The incidence and diagnosis of chronic kidney disease (CKD) is on the rise all over the
world. CKD is related to ageing of the society and high morb idity due to lif estyle diseases like diabetes,
atherosclerosis, and hypertension. CKD is associated with increased oxidative stress generated
by uremic toxicity, chronic inflammatory state, lack of vitamins and microelements, parenteral iron
administration, and dialysis procedure itself. In terms of cellular physiology, erythrocytes and blood
platelets in particular have effective enzymatic and non-enzymatic antioxidative system. The most efficient
enzymatic antioxidants include superoxide dismutase, catalase, glutathione peroxidase, glutathione
reductase, and glucose-6-phosphate dehydrogenase. Glutathione is the leading non-enzymatic free radical scavenger.
In CKD, antioxidative defense is impaired and the abnormal activity of the enzymes and glutathione concentration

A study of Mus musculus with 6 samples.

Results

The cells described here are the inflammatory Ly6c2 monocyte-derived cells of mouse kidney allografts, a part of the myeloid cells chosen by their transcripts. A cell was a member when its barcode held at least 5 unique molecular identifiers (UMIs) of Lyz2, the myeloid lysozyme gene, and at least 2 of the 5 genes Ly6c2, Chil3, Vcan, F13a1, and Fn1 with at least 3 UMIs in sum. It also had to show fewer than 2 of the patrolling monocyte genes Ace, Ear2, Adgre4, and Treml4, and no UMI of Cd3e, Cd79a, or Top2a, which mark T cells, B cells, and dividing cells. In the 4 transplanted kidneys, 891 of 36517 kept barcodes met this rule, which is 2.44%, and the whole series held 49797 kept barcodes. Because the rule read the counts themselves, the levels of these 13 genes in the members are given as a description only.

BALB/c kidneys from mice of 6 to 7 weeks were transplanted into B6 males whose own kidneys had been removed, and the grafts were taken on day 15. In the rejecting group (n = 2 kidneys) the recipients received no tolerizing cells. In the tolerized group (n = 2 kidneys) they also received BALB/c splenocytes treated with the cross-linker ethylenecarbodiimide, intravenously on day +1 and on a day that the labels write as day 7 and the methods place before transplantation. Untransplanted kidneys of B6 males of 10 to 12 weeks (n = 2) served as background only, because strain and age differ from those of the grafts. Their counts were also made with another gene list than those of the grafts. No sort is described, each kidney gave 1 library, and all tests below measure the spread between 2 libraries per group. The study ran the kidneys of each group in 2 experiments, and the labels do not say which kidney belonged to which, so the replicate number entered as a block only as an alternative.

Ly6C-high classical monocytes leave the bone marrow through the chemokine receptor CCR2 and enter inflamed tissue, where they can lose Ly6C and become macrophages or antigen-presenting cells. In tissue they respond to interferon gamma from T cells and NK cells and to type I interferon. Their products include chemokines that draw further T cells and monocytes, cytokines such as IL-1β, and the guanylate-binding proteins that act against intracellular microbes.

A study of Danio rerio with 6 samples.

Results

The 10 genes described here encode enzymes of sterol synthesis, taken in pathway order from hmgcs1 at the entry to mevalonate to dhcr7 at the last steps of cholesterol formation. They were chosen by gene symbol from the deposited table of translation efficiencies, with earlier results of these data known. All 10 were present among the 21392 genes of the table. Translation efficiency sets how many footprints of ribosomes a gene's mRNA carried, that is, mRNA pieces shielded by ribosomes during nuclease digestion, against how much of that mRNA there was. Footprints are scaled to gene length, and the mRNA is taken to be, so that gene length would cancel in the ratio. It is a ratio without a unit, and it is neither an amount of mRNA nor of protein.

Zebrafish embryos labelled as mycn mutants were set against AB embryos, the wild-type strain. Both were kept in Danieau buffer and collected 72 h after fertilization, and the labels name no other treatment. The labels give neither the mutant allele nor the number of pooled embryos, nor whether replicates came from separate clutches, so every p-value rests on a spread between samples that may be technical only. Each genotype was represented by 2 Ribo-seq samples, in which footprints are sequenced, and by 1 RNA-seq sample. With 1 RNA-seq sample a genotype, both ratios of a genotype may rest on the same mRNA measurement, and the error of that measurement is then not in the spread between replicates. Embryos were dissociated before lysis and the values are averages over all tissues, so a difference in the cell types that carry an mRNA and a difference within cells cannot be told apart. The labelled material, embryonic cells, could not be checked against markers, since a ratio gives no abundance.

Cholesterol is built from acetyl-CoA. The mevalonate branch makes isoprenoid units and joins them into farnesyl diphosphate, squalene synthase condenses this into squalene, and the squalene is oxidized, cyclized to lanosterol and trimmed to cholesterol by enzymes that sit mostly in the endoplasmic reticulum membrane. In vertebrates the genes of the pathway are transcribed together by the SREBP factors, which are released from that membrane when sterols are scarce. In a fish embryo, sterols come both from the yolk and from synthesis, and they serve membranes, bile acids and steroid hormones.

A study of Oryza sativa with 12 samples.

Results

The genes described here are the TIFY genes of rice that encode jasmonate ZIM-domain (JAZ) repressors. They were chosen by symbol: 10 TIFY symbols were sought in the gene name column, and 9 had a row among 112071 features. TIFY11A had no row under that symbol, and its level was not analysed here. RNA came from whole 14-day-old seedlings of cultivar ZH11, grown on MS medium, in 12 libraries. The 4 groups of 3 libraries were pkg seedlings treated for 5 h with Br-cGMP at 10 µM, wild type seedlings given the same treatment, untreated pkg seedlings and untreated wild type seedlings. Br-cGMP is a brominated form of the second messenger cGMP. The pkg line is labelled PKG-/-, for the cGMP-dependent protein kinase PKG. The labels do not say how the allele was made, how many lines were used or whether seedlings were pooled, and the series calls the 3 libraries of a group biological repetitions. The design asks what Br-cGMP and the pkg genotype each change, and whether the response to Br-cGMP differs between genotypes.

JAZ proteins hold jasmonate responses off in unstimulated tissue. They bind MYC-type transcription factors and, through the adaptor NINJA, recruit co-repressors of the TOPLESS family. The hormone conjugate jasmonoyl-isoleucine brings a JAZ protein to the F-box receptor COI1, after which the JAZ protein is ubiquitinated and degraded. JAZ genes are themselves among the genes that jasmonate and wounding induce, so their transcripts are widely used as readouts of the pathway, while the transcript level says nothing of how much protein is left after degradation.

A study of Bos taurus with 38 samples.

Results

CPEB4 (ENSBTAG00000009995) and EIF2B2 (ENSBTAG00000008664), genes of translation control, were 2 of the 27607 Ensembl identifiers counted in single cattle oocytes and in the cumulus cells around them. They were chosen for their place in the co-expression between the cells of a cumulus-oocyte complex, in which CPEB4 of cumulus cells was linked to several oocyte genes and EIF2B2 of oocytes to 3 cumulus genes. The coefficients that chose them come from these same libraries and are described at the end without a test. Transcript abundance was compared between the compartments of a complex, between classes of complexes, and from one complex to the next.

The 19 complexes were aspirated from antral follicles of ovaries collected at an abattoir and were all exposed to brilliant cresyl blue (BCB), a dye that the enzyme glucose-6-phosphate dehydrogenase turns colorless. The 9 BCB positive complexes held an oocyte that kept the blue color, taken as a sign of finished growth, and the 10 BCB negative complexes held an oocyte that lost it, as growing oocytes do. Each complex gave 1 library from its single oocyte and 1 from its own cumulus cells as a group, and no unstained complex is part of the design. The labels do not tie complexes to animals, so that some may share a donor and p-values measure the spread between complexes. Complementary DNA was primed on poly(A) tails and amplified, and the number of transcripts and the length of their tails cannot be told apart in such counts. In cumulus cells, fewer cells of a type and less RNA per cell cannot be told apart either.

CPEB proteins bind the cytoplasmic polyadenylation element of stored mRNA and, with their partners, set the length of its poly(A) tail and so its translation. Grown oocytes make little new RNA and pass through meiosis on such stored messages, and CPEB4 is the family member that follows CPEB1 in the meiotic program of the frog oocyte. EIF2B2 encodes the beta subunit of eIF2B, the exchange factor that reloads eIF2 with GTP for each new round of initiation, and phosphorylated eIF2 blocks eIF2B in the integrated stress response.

is described in literature. The imbalance between the formation of reactive oxygen species and antioxidative system efficiency
takes part in the pathogenesis of cardiovascular complications. It contributes to increased morbidity and mortality
in patients with CKD. The severity of these processes depends on the type of renal replacement therapy; haemodialysis
(HD) is more predisposing to such disorders than peritoneal dialysis (PD), or even conservative treatment. This can influence
the outcome and the possibility of kidney transplantation. Moreover, the early function of kidney allograft seems to
be dependent on perioperative antioxidative ability of platelets, which can play a potential protective role in kidney transplantation.
Keywords: Antioxidative enzymes, chronic kidney disease, free radicals, haemodialysis, kidney transplantation, oxidative
stress, peritoneal dialysis, uraemia.